Saturday, January 25, 2014

Post Natal Depression

Post natal depression is a psychological illness that affects 15% of the female population after child-birth. It is described by the Diagnostic and Statistical Manual of Mental Disorders, Fourth Edition as depression with onset within 4 weeks after childbirth usually occurring around two weeks after childbirth and may last between a year and several months. Post natal depression symptoms are usually evident a few months following birth. Symptoms can include guilt, sadness, lack of energy and social withdrawal. This widely misunderstood mental disorder has been also referred to as post-partum depression or PPD, and is closely linked with clinical depression.

A number of risk factors have been identified that may contribute to the onset of post natal depression, with possible causes being attributed to the hormonal changes during pregnancy and the combination of the risk factors. Treatments are available through medical professionals and are most effective when administered as soon as symptoms are noticed.

Post natal depression is an illness associated with women. However, men are also prone to suffer from PPD with rates varying between 1.2 - 25% of the male population. The rates of women suffering are in the range of 5% - 25% with African-American women being the most at risk and Asian/pacific island peoples having the lowest occurrences. The significance of PPD is that this disorder is most likely to affect women in the post-birth period, and it is this period of time that women can expect the greatest risk of developing a psychologically damaging condition.

Symptoms of post natal depression

Post natal depression can be diagnosed by the combination of these symptoms to varying degrees of severity:

Sadness or crying
Feelings of Hopelessness
Low self-esteem
A feeling of being overwhelmed
Sleep pattern disturbance and eating problems such as over-eating, weight gain or loss of appetite.
Exhaustion, fatigue and malaise
Anhedonia (the loss of interest in typically pleasurable activities)
Reduced social contact.
Increased anxiety or panic attacks
Lack of energy
Spells of anger towards others
Becoming easily frustrated
Feelings of inadequacy in terms of child rearing.
Impaired speech and writing
decreased desire for sex or intimacy.

Risk factors for post natal depression:
All women are at risk of developing post natal depression, with some women being more prone than others. Risk factors have been found that can markedly increase the chances of developing post natal depression:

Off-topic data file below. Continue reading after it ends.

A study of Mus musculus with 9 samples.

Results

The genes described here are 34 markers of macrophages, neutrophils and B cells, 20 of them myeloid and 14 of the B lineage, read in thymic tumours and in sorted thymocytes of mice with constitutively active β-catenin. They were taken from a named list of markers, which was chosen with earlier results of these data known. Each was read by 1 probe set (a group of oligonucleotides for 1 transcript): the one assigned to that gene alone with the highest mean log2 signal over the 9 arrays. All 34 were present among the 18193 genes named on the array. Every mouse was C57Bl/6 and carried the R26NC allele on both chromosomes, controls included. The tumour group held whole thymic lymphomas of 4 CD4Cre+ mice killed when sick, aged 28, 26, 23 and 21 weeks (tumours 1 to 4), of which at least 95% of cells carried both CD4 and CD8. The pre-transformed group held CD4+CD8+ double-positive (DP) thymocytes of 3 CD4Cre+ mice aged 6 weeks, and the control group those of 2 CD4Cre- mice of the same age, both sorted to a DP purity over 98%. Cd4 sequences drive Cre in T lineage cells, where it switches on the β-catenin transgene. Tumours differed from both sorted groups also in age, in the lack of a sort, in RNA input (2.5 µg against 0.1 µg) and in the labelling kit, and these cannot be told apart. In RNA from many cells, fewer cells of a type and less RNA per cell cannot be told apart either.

Formula feeding rather than breast-feeding
Prenatal depression during pregnancy
A history of depression
Prenatal anxiety
Lack of social support
General stress related to relationships, the workplace or financial stress-ors.
Poor marital relationship
Infant temperament problems/colic
Single Marital Status
Low socio-economic status
Unplanned/unwanted pregnancy

Three risk factors have been identified that when combined have a big impact on the chances of developing PPD. These factors are: formula feeding, history of depression and smoking cigarettes.

The general conclusions of the risk factors studied pointed to poor social support network, lack of financial resources and either bi-sexual or lesbian sexuality preference were the factors most likely to contribute to developing post natal depression following child birth.

Causes of post natal depression

Lack of vitamins were first thought to be a cause of the illness, although it is now thought that a combination of hormonal changes following child-birth, combined with a number of risk factors such as low socio-economic status, poor social support and history of pre natal depression can place a certain percentage of women at a higher risk than others.

Treatments for post natal depression:

Treatments follow a careful diagnosis by a trained medical professional using The Edinburgh Postnatal Depression Scale, which is a standardised self-reported questionnaire.

After a diagnosis, a number of treatments are available. The two most widely used are CBT, or cognitive behavioural therapy, and anti-depressant medication or a combination of the two. Both CBT and anti-depressant medication are equally effective, and the preference is up to the patient as to which treatment would suit them best. Positive results are usually seen within 4 weeks, with some women taking longer than others to respond.

Other treatment options are stable sleep patterns, a nutritious diet ( omega 3's and b vitamins) and group therapy sessions.

Post natal depression is a widespread mental illness that affects women during the post birth period. Timely recognition and accurate diagnosis by a medical professional are key to bringing the condition under control, and restoring quality to ones life.